Majority of Muslims Practice Ramadan Traditions more while Living abroad
Englewood, CO: The majority of Muslims living and working overseas practice cultural and religious traditions during the Holy Month of Ramadan even more devoutly than they do in their home countries, a newly released Western Union-sponsored study has found.
Specifically, Muslims living and working overseas said that their actions during Ramadan had changed after arriving in their new host countries, with half of respondents (50%) saying they fasted more and two in five (41%) sharing and giving more.
The Western Union study “Traditions of Ramadan by global citizens of Muslim faith” was conducted in July by The Nielsen Company and covered Muslims of 11 nationalities living in 12 countries in Asia Pacific, the Middle East, the United States and Western Europe.
Overall, fasting (96%), sharing and giving (94%) are the most widely practiced of all traditions observed during Ramadan. Two out of five surveyed said that the love of family and friends, along with dedication to work, were the key factors motivating more fasting, praying, sharing and giving.
“Living in another country often brings different cultural influences along with new work and personal pressures. Global citizens of Muslim faith are upholding Islamic traditions and are even more devout during the Holy Month of Ramadan,” said Laston Charriez, senior vice president of marketing, North America, Western Union.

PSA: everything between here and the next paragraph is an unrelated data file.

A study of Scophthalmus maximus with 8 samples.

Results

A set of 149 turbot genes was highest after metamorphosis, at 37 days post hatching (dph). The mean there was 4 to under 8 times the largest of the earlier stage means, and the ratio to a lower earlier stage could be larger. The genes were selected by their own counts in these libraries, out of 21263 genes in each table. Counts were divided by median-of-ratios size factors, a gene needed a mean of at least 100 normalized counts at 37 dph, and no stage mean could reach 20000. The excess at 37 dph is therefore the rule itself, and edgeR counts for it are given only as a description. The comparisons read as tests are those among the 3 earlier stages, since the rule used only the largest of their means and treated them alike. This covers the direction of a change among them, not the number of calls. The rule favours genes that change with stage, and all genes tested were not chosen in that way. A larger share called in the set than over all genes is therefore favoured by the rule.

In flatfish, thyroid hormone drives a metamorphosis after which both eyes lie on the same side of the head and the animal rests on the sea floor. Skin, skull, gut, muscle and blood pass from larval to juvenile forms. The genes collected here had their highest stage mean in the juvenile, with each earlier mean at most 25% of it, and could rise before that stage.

“Western Union has been moving money for better, for more than 135 years. We know people move away from their home countries for many reasons, but a common factor is creating a better life for their families and loved ones through work opportunities,” added Charriez.
“It is difficult for people of any faith or nationality to be away from home during traditional cultural and religious events and holidays. It is not surprising to see that family, loved ones and friends, along with commitment to work, are even more influential when people live overseas.”
• Different traditions are observed during the Holy Month of Ramadan. Despite being away from family and loved ones, 96 percent practiced fasting, 89 percent prayed, 78 percent engaged in iftar, or evening meals to break the day’s fast, and 75 percent read the Qur’an.
• The tradition of zakat, or the act of giving to others in need, is practiced more during Ramadan, with nearly nine in 10 Muslims abroad (89%) saying they fulfilled zakat during the Holy Month.
• Breaking fast is popular with other people instead of alone, with family (75%) being the most favored companions, closely followed by friends (65%).
• Accessibility to facilities for religious purposes (62%) and the influence of family, loved ones and friends (52%) are the most important influencers in fasting more during Ramadan.
• A vast majority (94%) uphold sharing and giving traditions during Ramadan.